Why I own a gun.
(An old essay that I wrote, I decided to put it here)
My path to gun ownership did not follow the traditional route. We did not live in a crime ridden area, when I was growing up we never locked our doors. We never had guns in the house, my mother hates guns, and feels they have no value except maybe to hunters. I do not have parents that hunt. My mother and I both find hunting objectionable, killing for sport is something I cannot justify to myself.
I grew up in a blue collar home, my father a UAW member working for GM and my mother a union member working for a community college. We lived in a trailer park in rural Highland Michigan, my father driving to Pontiac everyday to work. My family was religious, however our church attendance was a sporadic one, attending regularly when my parents felt convicted, and not so regularly at other times. As a teenager I found myself to be a moral conservative, no doubt as a result of my religious beliefs.
Attending high school I was extremely interested in US history, which was sparked by my history class. I studied early US history intently, especially the revolutionary period. I was astonished at the amount of religious conviction our founding fathers had, something mostly left out of school textbooks on the subject. I was also extremely interested in the most important documents that these men produced, the Constitution, and the Bill of Rights. It was during this study that I had my first notion that guns may not be as bad as my mother had taught me. Here were men that I deeply respected, starting a revolt against their country, they where still English subjects, because their country wanted to take their guns, unbelievable!
I did not go out and buy a gun after this eye-opener, after all I still lived with my mother, and I did not see a need in a civilized society to own one, and frankly I did not care for them. I finished high school, went to college, got married, and got a job. Seven years after my small revelation, the assault weapon ban of 1994 is enacted. I take note of the flawed logic, basically if a gun looks like a modern machine gun, it should be banned. And that an assault weapon was the preferred weapon of criminals. Which I thought was an odd statement, since most of the crime committed with guns in Detroit involved hand guns. But I do nothing about it, in fact my wife and I even agreed that we would not buy our children toy guns fearing it would corrupt them somehow.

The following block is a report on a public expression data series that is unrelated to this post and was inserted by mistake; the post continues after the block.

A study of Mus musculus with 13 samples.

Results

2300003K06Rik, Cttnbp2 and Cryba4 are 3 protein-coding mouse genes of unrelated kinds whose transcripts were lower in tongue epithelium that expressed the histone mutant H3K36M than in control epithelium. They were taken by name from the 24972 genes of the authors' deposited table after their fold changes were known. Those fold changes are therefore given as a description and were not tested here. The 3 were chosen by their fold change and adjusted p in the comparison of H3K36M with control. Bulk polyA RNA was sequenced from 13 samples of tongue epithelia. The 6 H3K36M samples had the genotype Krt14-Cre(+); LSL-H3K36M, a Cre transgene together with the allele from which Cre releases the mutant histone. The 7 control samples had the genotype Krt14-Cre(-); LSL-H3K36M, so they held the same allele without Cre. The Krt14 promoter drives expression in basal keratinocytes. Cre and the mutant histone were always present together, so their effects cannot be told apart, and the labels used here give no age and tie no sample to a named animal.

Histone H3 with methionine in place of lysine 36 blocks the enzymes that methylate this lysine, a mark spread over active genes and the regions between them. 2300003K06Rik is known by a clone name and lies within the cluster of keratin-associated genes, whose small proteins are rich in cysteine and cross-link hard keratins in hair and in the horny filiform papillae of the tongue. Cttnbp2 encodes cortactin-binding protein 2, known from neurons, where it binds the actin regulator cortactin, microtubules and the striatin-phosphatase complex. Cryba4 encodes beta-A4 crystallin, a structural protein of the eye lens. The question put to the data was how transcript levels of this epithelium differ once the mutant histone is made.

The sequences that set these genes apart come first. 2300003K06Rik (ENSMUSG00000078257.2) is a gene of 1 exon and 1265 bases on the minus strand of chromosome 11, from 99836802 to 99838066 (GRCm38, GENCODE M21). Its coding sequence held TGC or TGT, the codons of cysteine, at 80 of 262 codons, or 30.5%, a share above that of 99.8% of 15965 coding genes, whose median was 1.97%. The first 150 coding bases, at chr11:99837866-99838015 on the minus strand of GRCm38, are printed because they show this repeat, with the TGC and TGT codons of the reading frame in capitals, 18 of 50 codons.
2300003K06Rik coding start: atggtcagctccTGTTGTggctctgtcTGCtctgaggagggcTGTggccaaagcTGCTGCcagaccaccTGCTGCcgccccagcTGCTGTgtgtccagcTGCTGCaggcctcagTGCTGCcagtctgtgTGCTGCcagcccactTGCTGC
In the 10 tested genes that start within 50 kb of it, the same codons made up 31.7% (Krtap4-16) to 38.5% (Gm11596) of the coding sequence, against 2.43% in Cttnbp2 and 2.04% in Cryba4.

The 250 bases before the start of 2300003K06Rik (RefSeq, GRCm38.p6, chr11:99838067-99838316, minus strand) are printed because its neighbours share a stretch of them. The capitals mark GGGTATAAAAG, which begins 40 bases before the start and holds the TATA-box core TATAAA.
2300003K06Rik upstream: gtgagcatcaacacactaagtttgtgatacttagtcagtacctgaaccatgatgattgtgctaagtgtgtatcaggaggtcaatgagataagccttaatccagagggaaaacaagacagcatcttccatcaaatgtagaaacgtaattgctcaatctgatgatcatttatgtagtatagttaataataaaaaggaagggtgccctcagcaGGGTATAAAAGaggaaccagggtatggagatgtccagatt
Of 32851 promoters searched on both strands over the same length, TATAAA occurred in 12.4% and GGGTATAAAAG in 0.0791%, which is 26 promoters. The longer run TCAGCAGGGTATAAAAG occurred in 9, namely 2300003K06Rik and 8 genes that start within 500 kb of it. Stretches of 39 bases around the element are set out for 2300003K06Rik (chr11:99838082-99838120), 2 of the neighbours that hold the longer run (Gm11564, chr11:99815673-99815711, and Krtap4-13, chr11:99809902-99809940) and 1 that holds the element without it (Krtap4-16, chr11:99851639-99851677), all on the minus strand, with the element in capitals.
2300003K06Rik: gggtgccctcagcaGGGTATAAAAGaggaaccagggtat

Then five years later came the tragic events at Littleton Colorado, I mourned for the children. But somehow, as much as I wanted to, I could not see the logic of the attacks on guns that followed, I could only find blame with the ones who carried out the attacks. The gun control lobby took advantage of the tragedy to push their agenda and played on the emotions of the citizenry to try and advance it. The rhetoric was extremely harsh, the logic still flawed, and the media was on board with copious amounts of one sided coverage of the debate. There was talk of more gun bans and registration, it was like I was in another country.
It was in this environment that my attitude completely changed, after much thought I decided to go to Bass Pro Shop with my Father-in-law (a hunter) to buy my first gun. I bought the gun strictly on the grounds that I thought the government was going to make it impossible if not exceedingly difficult to obtain a firearm in the future. That was it, no hunting, no self defense, no collecting, I bought it solely on the grounds that the government was going to try and stop me from exercising my God given, and Constitutionally recognized, right to own a gun.
The gun control lobby should be very proud of themselves. They single handedly made a gun owner and gun advocate out of someone who had not given the subject the time of day before. I am now the owner of an all black, read scary looking, Remington Model 870, 12 gauge shotgun.